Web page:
EPSRC Reference: EP/S027106/1
Title: Novel Multiferroic Perovskites through Systematic Design
Principal Investigator: Senn, Dr MS
Other Investigators:
Researcher Co-Investigators:
Project Partners:
National Taiwan University University of Kent University of Lille 1 - Science & Tech
Department: Chemistry
Organisation: University of Warwick
Scheme: New Investigator Award
Starts: 01 March 2019 Ends: 28 February 2022 Value (£): 387,427
EPSRC Research Topic Classifications:
Materials Characterisation Materials Synthesis & Growth
EPSRC Industrial Sector Classifications:
No relevance to Underpinning Sectors
Related Grants:
Panel History:
Panel DatePanel NameOutcome
24 Jan 2019 EPSRC Physical Sciences - January 2019 Announced
Summary on Grant Application Form
Ferroics are a class of materials that, below a certain ordering temperature, display either a long range ordering of microscopic +/- dipoles or of magnetic north-south (N/S) poles. These orderings on the microscopic atomic length scale give rise to macroscopic measurable physical properties. The +/- dipoles or N/S poles can be read and manipulated on the nanoscale by applying electronic and magnetic stimuli. In this manner existing technologies use materials like this in data storage devices where the "storage bits", the 1's and 0's correspond to the different state of either +/- or N/S. However, for next generation storage devices to improve energy consumption, increase speeds and data density, it will be desirable to have a new class of "multiferroic materials" in which these two phenomena of +/- charge dipoles and N/S magnetic state, not only coexist with one another, but are strongly coupled and depend on each other. This has significant advantages in that the data written by applying an electric field to switch a +/- state can now be read back quickly and non-destructively using a magnetic field to sense the flipping of the N/S pole. However, as yet it is still a substantial challenge to identify new materials that display this desired coupling between these two ferroic properties at or near room temperature, which would make such a device possible.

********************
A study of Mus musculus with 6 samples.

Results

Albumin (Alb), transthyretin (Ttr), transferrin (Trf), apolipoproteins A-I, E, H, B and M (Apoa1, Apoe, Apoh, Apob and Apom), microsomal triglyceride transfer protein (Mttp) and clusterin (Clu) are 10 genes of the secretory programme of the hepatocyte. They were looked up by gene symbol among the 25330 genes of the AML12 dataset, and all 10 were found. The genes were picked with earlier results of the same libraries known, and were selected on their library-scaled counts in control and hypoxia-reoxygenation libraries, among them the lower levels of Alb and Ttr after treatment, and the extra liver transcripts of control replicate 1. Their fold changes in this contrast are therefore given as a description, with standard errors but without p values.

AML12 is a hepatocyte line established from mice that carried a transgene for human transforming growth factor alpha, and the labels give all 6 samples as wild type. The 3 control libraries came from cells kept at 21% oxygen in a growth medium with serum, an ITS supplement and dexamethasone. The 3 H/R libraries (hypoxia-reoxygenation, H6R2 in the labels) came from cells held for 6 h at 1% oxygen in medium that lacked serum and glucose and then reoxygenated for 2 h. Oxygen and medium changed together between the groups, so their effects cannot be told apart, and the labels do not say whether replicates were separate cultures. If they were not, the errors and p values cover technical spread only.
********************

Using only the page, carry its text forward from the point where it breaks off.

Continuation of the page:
The present work uses a novel approach to enumerate the possible types of materials exhibiting these properties, leading to a systematic strategy for attempting to make and test these materials for the desired physical properties. The work will contribute both new fundamental mechanistic insight into how multiferroic materials work, and can be rationally designed, as well as providing new materials that may be tested for application in next generation storage technologies.